Breastfeeding myths and misconceptions debunked

Woman breastfeeding baby postpartum

A woman breastfeeding her baby. 

Photo credit: Photo | Pool

As a new mother, breastfeeding is already a daunting task. You are trying to figure out how to do it correctly, when to do it, and what is expected of it, and all of this comes with a new set of challenges you have never faced before.

With so much information, it is hard to know what is true and what is not. Here are common breastfeeding myths and misconceptions that are debunked.

Myth 1: Breastfeeding always hurts

This simply isn't true. While it's normal for your nipples to be sore for the first few days after starting breastfeeding, this usually goes away quickly.

If you're still suffering pain after a week or two, check that you're using a good nursing bra that gives your breasts plenty of support, and try using a lanolin cream to soothe your nipples. Also consult a lactation expert to make sure your baby is latched and positioned well.

Once these issues are resolved, most women find that breastfeeding is relatively pain-free. In fact, many women report feeling a sense of calm and relaxation while nursing their babies.

Myth 2: You produce little milk during the first days or weeks post-partum

This is actually the opposite of what happens. In the early days after childbirth, your body is working hard to produce colostrum, a nutrient-rich pre-milk that is perfect for your baby's needs.

After a few days, your milk will start to come in, and you will notice an increase in your output.

Myth 3: You should not breastfeed in public

There are laws that protect a woman's right to breastfeed in public, so you can feel confident and comfortable doing it wherever you are. You can make yourself more comfortable if you are feeling shy or self-conscious by wearing a nursing cover or scarf, choosing a quiet corner in a café or park, or practicing at home before going out in public. Whatever makes you feel more comfortable, go for it.

Myth 4: You need to drink lots of cow's milk to produce enough breast milk

No evidence backs up this information. In fact, some women who cannot drink cow's milk due to allergies or intolerance can still produce plenty of breast milk for their babies. The best thing you can do is to drink plenty of fluids throughout the day, and eat a healthy, balanced diet.

Myth 5: You should eat plain foods while breastfeeding

There is no need to eat plain foods while breastfeeding, and in fact, you should try to eat a varied and balanced diet. A healthy diet will give you the energy you need to care for your baby, and it will also help improve your breast milk supply.

Myth 6: Breastfeeding is a birth control option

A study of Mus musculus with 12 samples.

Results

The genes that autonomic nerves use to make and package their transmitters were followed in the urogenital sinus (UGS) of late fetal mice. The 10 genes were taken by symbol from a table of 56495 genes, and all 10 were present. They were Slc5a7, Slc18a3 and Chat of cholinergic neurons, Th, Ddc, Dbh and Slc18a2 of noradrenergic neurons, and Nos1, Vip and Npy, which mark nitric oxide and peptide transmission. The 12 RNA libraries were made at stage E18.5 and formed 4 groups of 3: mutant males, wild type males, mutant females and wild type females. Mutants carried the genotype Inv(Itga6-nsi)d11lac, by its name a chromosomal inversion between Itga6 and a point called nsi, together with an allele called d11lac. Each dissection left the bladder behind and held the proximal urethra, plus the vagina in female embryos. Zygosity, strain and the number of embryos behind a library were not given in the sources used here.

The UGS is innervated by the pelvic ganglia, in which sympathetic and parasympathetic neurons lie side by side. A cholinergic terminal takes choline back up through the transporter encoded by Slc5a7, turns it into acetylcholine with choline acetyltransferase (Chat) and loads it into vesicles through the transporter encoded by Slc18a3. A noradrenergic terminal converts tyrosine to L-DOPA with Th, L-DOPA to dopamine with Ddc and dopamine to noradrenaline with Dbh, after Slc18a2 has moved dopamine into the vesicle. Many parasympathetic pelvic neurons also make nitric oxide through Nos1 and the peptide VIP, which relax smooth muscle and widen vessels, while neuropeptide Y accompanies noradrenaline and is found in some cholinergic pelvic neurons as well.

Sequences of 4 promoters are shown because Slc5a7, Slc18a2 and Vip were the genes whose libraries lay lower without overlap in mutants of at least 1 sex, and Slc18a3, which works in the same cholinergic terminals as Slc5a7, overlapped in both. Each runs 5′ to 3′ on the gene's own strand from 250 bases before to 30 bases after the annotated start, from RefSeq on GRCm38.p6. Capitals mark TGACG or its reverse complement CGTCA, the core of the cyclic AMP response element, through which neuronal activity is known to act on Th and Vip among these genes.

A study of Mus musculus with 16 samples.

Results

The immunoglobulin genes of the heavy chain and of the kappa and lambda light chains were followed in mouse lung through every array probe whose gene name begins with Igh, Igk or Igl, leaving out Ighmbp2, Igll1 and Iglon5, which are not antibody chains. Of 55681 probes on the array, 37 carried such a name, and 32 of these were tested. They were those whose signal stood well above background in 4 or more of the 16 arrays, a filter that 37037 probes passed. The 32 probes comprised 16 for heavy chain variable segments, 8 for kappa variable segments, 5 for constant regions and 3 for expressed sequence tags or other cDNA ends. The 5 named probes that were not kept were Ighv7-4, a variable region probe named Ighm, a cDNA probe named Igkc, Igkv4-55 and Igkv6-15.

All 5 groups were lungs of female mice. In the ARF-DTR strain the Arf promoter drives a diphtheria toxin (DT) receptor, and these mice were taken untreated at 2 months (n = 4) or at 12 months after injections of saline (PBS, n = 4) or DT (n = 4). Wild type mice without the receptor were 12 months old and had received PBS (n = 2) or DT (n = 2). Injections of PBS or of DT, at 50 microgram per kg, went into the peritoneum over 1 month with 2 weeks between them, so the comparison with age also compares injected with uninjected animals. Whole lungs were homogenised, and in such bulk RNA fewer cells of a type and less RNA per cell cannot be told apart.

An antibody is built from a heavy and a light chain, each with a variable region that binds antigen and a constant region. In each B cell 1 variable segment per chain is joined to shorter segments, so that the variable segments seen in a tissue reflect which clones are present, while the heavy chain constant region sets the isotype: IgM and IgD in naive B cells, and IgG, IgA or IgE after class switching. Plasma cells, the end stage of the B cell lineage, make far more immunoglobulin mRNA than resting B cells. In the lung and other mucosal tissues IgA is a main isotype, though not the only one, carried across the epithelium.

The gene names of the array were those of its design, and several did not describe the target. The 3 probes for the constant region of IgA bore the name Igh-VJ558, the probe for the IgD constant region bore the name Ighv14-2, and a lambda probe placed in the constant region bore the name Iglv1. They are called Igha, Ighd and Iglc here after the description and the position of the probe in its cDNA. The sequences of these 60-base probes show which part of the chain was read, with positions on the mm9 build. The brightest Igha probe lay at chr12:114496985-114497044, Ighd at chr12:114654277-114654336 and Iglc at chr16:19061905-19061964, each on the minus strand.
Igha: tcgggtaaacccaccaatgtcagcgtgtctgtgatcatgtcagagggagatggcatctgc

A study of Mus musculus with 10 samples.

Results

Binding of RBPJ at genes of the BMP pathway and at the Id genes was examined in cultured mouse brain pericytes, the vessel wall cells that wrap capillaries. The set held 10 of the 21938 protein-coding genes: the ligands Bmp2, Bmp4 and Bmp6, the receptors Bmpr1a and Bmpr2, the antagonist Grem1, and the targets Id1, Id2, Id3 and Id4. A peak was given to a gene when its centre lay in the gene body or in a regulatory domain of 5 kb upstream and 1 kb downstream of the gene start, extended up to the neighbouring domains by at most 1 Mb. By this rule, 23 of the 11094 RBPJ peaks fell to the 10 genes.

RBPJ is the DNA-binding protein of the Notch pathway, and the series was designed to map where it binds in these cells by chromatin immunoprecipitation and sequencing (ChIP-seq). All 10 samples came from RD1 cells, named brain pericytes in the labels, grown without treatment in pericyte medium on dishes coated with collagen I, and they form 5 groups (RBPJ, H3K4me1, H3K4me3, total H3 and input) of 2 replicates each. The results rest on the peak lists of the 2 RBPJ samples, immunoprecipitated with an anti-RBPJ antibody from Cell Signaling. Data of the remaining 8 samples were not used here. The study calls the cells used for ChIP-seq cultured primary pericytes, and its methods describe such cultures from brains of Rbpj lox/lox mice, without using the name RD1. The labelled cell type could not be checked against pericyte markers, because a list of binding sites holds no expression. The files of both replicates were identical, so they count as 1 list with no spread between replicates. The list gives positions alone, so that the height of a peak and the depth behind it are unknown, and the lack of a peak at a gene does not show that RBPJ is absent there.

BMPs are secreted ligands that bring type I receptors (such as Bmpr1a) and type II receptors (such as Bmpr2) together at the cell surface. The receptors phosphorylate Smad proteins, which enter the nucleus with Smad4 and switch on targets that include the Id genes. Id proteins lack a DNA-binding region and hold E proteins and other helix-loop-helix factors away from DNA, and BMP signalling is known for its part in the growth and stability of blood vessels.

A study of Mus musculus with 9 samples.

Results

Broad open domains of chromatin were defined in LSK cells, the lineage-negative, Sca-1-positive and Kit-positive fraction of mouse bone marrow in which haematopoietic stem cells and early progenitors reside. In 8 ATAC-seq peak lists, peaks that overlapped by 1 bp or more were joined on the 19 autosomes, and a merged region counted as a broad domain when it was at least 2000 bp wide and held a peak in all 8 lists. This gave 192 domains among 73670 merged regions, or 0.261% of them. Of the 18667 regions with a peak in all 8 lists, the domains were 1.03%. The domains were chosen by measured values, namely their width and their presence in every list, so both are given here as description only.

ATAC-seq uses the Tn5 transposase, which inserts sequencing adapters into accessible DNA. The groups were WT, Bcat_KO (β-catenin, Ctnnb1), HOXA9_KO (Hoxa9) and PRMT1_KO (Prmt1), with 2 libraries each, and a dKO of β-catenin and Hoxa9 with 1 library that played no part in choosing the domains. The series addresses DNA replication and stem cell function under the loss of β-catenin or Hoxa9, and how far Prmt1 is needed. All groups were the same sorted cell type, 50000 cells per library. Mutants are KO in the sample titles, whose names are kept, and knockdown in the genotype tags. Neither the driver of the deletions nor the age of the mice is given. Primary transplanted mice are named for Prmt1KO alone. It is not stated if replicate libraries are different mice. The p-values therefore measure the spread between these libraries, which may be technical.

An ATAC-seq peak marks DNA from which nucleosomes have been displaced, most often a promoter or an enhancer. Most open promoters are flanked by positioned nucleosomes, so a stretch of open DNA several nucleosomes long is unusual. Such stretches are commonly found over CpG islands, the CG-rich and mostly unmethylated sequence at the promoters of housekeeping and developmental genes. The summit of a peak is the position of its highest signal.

While breastfeeding can help delay your period's return, it is not a reliable form of birth control. If you want to avoid getting pregnant, you should use another method of contraception in addition to breastfeeding.

Myth 7: It is not safe to breastfeed when sick

It is perfectly safe to breastfeed when you are sick. Breast milk will help boost your baby's immune system and protect them from getting sick. Doctors also recommend prescriptions that are compatible with breastfeeding. However, infections such as HIV can be transmitted through breast milk. Therefore, if you are sick with one of these infections, consult your doctor before breastfeeding.

Myth 8: Baby formula is not safe

This is not true. Baby formula is a safe, nutritious option for babies, and there are many different types to choose from. If you are concerned about the ingredients in baby formula, organic and natural options are available. Whatever you decide, know that breast milk and baby formula are excellent choices for your baby.

Myth 9: Being unable to breastfeed makes you a bad mother

Breastfeeding is an important and natural way to bond with your baby and provide them with the nutrition they need. However, if you are unable to breastfeed for any reason, know that you are still a good mother and there are many other ways to care for your child. Baby formula is a safe and nutritious option; you can still provide your baby with everything they need to thrive.

In conclusion

Myths and false information can make breastfeeding seem like a daunting task, but it is truly a natural and beautiful experience. Do not let myths and misconceptions prevent you from giving it a try. If you have any concerns or questions, talk to your doctor or a lactation consultant. They will be able to give you the information and support you need to have a successful breastfeeding experience.